ICBA News Release
FOR IMMEDIATE RELEASE
ICBA Highlights Community Banks’ Role in Alternative Fuels Financing
Survey: Nearly 80 Percent of Community Banks Want to Finance Ethanol & Alternative Fuels Projects
Washington, D.C. (March 7, 2007)—The Independent Community Bankers of America (ICBA) told Congress that community banks are actively involved in financing ethanol and other alternative fuels projects. Community banks, both individually and through alliances with other community banks, actively finance alternative fuels projects and farmers investments in these projects. ICBA urged lawmakers to ensure community banks can continue their involvement in financing alternative fuels and encouraged more research dollars for development of alternative fuels, particularly cellulosic ethanol.
"Our nation's community banks play an integral part in the economic well-being of the communities they serve," said Dave Reyher, president of Colorado East Bank and Trust, Lamar, Colo., testifying before a House Agriculture Committee panel on behalf of ICBA. "They are the backbone for economic development in their communities. Financing alternative fuels projects provides much needed jobs, promotes economic diversification in agricultural-based areas and reduces our nation's reliance on foreign oil. For these reasons, community banks are actively involved in bringing renewable fuel facilities to their local communities through loans and working capital for plants and facilities and loans to finance farmer investments in renewable fuel companies," added Reyher.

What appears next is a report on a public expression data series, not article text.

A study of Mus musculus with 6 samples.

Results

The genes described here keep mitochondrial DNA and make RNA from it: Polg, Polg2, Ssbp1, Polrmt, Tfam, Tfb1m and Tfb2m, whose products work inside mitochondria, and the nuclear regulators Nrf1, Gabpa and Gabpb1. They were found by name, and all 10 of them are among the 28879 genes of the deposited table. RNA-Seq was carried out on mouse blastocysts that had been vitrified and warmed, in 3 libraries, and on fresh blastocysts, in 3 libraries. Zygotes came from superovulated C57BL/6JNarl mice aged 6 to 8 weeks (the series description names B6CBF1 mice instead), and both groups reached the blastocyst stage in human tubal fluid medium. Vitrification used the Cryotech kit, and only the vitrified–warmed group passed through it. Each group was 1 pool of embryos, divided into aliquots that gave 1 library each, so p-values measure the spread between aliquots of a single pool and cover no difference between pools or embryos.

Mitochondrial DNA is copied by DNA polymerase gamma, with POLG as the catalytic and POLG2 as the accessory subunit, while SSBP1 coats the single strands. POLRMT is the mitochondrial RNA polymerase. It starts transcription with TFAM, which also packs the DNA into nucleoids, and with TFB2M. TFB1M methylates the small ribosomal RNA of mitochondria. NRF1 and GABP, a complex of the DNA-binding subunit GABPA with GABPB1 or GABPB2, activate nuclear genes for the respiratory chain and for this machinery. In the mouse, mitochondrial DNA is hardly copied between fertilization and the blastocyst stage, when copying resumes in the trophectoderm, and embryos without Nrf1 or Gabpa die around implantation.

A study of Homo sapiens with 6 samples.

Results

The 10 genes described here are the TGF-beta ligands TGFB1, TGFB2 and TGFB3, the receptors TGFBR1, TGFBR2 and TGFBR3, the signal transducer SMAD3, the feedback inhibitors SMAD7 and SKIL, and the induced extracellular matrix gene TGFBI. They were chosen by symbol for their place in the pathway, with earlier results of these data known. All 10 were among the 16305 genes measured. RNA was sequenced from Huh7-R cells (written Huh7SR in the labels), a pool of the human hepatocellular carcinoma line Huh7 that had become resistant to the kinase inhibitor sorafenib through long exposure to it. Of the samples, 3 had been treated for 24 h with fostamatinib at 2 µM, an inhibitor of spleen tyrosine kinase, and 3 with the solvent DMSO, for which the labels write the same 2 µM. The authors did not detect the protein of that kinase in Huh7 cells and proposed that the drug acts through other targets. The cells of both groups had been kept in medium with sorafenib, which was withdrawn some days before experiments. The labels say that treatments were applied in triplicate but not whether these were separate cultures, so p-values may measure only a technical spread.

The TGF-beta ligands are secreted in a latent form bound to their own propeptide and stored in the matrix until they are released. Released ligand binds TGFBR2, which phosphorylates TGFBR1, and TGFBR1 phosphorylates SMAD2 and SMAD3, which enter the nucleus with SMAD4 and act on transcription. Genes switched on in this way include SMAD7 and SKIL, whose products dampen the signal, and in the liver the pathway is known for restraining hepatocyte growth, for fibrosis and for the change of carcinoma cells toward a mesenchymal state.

Investments financed by community banks help bring renewable fuel facilities to communities and support local ownership and control of these facilities. Through these investments farmers reap the rewards of value-added agricultural endeavors. ICBA has endorsed the 25 x'25 Alliance, which promotes the goal of producing 25 percent of the nation's energy from domestic renewable sources by 2025.
Reyher told the subcommittee that community banks have formed a variety of alliances that allow them to finance ethanol projects even though the cost of these projects is often enormous and often exceeds the lending limits of individual community banks. Examples of such alliances include working with underwriting, originator and placement agents to community banks, working with other community banks through informal networks, and working with bankers' banks or larger correspondent banks. These loan participation mechanisms allow individual banks to each share in a portion of the financing and diversify risks to bring these projects to life in local communities.
Reyher told Congress that nearly 80 percent of a random sample of community bankers who responded to an ICBA survey already finance renewable fuel projects or are considering it. Read the testimony at www.icba.org.